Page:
It's difficult to believe that Sarbanes-Oxley (SOX) is nearly a decade old, considering the impact it has had on the way companies do business. Enacted in 2002, it was created as a response to the corporate malfeasance scandals involving such companies as Enron, WorldCom, and Tyco. Though its first few years involved a mad dash to implement and regulate control systems, many companies have now become so accustomed to the regulation requirements that they function almost as if they were on autopilot.
However, familiarity with SOX regulation and compliance control systems should not equal complacency. Yes, nine years of experience certainly provides a comfort level, but all of the functions within the company that are directly involved in compliance efforts -- finance, IT, operations and HR -- still need to be tested regularly on their knowledge of entity control systems, and it shouldn't stop there.
In looking ahead to the future of corporate governance, companies need to realize all departments throughout a company should develop a strong understanding of compliance practices; it can't be a discipline only practiced by the finance, HR and IT departments. It should permeate an organization so that all employees -- from the mailroom to the boardroom -- understand both the importance of a sound control environment and how they can individually contribute to it.
To most employees, compliance is an esoteric function only understood by a select few. They don't know what it is or how their day-to-day responsibilities fit into larger SOX efforts. Additionally, considering the complexity of the subject, it might seem difficult to make SOX compliance something that interests all employees. To help solve this problem, below are a few tactical suggestions on embedding compliance within your company:
- Start at the top. Compliance is often viewed as the CFO's responsibility, and quite rightly so since that position bears a great deal of the burden to ensure all information presented to the SEC adheres to SOX rules. Yet, it is, in fact, the board-level executives who need to set the example of how to be compliant and explain why it's so important. After all, these are the individuals who set the priorities and tone for the entire organization and therefore can best illustrate how compliance impacts the entire company.
- Tailor the message to the masses. For employees not directly involved in the finance function, it is less clear how their daily work impacts the company's financial compliance. Implementing educational work sessions, led together by the CFO and HR team, can help distill the information so employees better understand not only what compliance is, but also their role in achieving it. These sessions should be organized by department so the conversation is customized to the responsibilities of that group and both the CFO and head of HR can discuss what compliance means to their function.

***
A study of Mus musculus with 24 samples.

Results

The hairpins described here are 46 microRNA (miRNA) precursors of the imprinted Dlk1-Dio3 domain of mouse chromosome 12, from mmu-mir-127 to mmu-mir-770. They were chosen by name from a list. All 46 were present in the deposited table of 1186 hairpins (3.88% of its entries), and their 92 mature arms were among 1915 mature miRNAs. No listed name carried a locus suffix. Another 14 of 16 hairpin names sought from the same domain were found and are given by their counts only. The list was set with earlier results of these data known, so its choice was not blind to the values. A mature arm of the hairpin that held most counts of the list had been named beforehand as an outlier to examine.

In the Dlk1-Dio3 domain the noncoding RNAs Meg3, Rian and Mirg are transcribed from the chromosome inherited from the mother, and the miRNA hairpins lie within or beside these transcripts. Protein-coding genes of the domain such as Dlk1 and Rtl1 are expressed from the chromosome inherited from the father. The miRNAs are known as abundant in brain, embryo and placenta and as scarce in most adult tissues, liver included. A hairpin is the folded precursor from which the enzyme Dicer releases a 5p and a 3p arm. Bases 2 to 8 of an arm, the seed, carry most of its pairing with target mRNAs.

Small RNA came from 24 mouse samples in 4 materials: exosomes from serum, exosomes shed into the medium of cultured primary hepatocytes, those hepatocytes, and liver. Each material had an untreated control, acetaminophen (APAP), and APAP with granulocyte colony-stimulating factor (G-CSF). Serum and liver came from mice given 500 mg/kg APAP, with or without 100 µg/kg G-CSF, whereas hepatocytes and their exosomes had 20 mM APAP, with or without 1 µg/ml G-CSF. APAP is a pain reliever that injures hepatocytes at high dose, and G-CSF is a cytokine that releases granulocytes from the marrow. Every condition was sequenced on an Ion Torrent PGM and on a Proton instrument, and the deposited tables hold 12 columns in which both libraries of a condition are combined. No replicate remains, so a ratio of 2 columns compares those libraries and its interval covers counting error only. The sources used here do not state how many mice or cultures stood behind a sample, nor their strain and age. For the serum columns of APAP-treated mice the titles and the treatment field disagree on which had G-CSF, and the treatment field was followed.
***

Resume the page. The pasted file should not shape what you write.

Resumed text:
- Make it collaborative. Once employees have been educated, it's important to make every employee feel as though he or she is contributing to compliance efforts. Creating task forces within the company that include a cross section of representatives from different levels and departments gives employees a forum to voice their feedback on compliance shortfalls within the company and areas for improvement. Have these task forces meet on a regular basis to develop recommendations for how compliance can be better integrated throughout the organization, and then make sure senior leadership is present to hear those recommendations.
Remember, most employees are already stretched thin with their current workload, so be sure to incentivize task force participants through perks like additional pay or time off.
- Gather feedback. Employees feel valued when they believe their opinions are valued. Explore developing a channel for employees to share both their questions and opinions about compliance, such as through an online survey. This will allow employees to easily share their thoughts in a private and anonymous way, making it more likely they'll actually participate and provide honest input. Report the feedback broadly through internal channels (e.g., company newsletters, intranet, or companywide email) and then detail what senior management will do with the information.
- Measure Progress. Whether the goal is to increase awareness of a company's corporate governance practices or implement departmental checks and balances for SOX compliance, it's important the company measures its progress. You can't manage what you can't measure, so set benchmarks for success when developing your overall plan for working with employees. Measurement techniques can include an annual mandatory compliance quiz where all employees must attain a certain score, formal tracking of the effectiveness of ideas developed by the task forces, or creating incentive-based compensation tied to achieving compliance milestones.
Sarbanes-Oxley is one of the most important pieces of legislation in corporate history, and it has fundamentally impacted the way companies operate financially. But as we near its 10-year anniversary, it's time to think about the impact it can have beyond the employees most familiar with it. Corporate leadership should strive to demystify compliance and embed it into every level of every department in the company. Exposing all employees to the intricacies of compliance and control systems will broaden awareness of the issue and help identify compliance shortfalls within the organization -- making for a more financially responsible and ethical company.
Drew Reina is managing director of Accounting Principals.